Churches consolidate in Maryland

The Baltimore Sun has a story on church closings and consolidations in several denominations including the Episcopal Church. The Rev. Daniel Webster, canon for evangelism and media for the Episcopal Diocese of Maryland, is quoted.

Webster says, it’s impossible to ignore the repeal of most of the old state blue laws, regulations that had long placed restrictions on commercial activity on Sundays, starting in the mid-20th Century.

Today’s faith leaders must compete with everything from youth soccer and pro football games to shopping at the mall.

“When I was growing up in what I call the salad days of the 1950s and early 1960s, the question in the neighborhood was ‘What church do you go to?’” Webster says.

“Now it’s, ‘Why do you go to church?’”

“We no longer live in Christendom. We really have to accept that it’s a thing of the past.”

What to do about it? Churches are reaching the point where the answer is close or consolidate.

With diocesan membership numbers in decline over the past half-century, the [Episcopal Diocese of Maryland] has closed a net 34 churches from its mid-1960s peak and merged five more, leaving a total of about 100.

Until the arrival of a new pastor last year, Saint John’s in the Village, founded in 1843, was slower to change.

The congregation, which employs a paid choir and practices an unusually formal high Anglican liturgy, spends a sizable portion of its $300,000 budget on maintaining its 159-year-old English Gothic church building.

When a major donor died, it became clear to the incoming priest-in-charge, the Rev. Jeffrey Hual, that other forms of stewardship had badly declined in the congregation. The diocese concluded that shrinking outreach into the community had led to a membership slide.

In his 14 months at the helm, Hual has helped raise more than $220,000, added 18 new members and increased neighborhood efforts, but his efforts may have come too late.

When Sutton met with church leaders in September, he gave them until early November to present him with a feasible financial plan or accept closure.

The deadline has since been extended to January.

Jon Gruber (the economist who was the architect the Massachusetts health insurance law, a pre-cursor to the ACA) and Daniel Hungerman studied the cost of blue laws.

Repealing America’s blue laws not only decreased church attendance, donations and spending, but it also led to a rise in alcohol and drug use among people who had been religious.




By the way, I know Fr. Hual and he is wonderful. The diocese is very lucky to have him.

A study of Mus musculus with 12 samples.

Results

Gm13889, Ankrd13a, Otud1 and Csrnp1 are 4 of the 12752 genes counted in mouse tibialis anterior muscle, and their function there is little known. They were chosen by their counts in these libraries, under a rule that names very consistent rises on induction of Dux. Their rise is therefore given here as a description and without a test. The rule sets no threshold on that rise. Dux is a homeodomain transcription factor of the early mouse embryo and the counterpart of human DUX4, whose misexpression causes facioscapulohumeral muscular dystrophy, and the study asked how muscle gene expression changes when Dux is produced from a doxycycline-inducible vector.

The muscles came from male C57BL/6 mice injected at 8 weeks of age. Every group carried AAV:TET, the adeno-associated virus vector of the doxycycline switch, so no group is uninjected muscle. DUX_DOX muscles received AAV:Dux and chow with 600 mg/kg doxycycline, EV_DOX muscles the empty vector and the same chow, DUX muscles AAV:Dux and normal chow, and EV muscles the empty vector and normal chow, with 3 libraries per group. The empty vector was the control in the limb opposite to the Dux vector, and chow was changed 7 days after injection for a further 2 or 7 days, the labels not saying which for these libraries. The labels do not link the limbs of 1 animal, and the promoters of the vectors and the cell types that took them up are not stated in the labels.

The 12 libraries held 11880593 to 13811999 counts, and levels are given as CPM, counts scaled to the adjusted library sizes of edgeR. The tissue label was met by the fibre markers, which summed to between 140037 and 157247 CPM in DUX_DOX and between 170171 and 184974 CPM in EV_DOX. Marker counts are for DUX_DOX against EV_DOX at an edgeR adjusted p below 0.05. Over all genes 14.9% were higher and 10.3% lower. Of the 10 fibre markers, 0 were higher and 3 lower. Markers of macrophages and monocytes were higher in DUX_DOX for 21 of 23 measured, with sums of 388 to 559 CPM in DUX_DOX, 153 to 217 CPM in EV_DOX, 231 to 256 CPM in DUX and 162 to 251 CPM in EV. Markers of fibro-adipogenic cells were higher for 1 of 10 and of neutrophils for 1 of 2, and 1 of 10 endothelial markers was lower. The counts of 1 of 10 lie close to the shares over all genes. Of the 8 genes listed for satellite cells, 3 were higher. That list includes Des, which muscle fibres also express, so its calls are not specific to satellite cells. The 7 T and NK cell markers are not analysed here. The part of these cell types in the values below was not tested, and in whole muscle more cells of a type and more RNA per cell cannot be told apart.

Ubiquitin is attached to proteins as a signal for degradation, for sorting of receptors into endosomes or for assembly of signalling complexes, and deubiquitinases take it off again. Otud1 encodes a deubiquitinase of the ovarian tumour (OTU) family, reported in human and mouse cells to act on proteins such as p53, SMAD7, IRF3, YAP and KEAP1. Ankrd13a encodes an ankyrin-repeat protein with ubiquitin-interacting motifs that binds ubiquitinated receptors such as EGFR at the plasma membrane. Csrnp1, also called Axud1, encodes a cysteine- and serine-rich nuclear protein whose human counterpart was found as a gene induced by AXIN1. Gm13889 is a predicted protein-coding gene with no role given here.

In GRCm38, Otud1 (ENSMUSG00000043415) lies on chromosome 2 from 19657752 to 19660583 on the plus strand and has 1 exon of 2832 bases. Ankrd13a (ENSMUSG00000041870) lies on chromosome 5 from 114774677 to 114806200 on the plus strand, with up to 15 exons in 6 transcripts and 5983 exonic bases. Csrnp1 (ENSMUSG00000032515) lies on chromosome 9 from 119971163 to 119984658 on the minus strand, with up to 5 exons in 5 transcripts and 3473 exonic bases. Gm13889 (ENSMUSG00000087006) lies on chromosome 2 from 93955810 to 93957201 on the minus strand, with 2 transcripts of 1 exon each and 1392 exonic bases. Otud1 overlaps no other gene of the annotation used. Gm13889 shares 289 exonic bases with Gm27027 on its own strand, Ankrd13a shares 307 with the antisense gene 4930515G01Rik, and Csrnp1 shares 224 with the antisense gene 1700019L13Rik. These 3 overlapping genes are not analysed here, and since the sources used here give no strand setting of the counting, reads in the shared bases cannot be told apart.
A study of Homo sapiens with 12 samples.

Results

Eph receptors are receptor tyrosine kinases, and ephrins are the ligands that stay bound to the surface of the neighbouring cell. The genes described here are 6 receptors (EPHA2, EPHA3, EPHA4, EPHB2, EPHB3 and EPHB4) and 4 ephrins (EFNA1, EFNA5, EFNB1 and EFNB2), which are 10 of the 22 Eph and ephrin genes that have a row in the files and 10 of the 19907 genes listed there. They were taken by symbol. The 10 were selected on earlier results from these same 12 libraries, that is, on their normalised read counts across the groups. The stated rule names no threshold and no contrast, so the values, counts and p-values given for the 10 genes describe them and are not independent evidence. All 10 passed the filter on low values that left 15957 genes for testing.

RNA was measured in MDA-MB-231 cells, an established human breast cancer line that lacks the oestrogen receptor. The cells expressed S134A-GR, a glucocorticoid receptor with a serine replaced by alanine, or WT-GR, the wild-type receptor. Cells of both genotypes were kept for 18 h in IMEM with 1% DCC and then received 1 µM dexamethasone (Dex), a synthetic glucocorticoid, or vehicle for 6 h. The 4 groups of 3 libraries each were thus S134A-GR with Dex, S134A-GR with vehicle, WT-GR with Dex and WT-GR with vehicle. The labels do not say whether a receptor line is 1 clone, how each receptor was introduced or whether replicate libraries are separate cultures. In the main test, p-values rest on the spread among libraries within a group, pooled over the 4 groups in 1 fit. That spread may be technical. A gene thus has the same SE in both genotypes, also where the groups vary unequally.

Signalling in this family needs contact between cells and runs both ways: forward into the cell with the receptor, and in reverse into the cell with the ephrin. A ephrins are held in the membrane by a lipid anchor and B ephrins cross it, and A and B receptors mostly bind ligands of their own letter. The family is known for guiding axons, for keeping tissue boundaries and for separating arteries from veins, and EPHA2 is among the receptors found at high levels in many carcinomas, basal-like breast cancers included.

Quentin Durward

Political organizations, service organizations, youth organizations, senior organizations, sports, and so on have been around for a long time. They are not the problem.

When the Church sees itself competing in the secular market, it is going to lose because our “competition” is doing what they do best. Put another way, the Church cannot be all things to everyone.

Nowhere is this more clear than politics. When we become political, we diminish our target market by half!

Our diocese sends out a newsletter which looks and reads more like a call to political action than salvation. Photos of priests, in collars and stoles, being arrested accomplishes little but says we can virtue signal with the best (worst) of them. It’s turning people off.

According to the Pew Forum on Religious and Political Life, “This abuse of religion for political purposes has been tremendously damaging for American politics. But it is worth pointing out that it has been destructive of religion, too.”

Tom Downs

In the 1980’s the late bishop Bill Gordon (Alaska and later assistant in Michigan) was sent to close a tiny congregation in rural northern Michigan whose attendance had dwindled to just a handful. They sent him packing. “You couldn’t kill them with a stick.” he said. Right sized well maintained building, hard working lay members, and visiting clergy: they make it work. The congregation is still going and is a vital contributor to the wider community. My conclusion is that when a congregation no longer wants to be the Church, it dies. But don’t bury it until it’s dead.

Ken Albrecht

I think it is too easy to blame the decline in church membership on the repeal of blue laws. Church attendance declined for a number of other reasons. Churches failed to reach out to communities. Churches failed to address social issues. They remained quiet . They didn’t want to rock the boat. The economy made it necessary for families to have both parents work. The only time the family had together was on weekends. This only scratches the surface. When s church is spending more on their buildings than on outreach to the community, they are failing to follow Christ ‘s commandment to go out in world to bring people to Him.

Quentin Durward

Hi Ken!

I’m not sure if I agree or disagree depending upon what you mean “Churches failed to address social issues.” If are referring to “liturgical issues”, yes, of course that is something we must address. However, some say “social issues” and really mean a host of special interests which I think are distractions that undermine our mission. I like what you say about bringing people to Him. Yes this is what we must do which is why I think pushing souls away with special interest activism is a big mistake.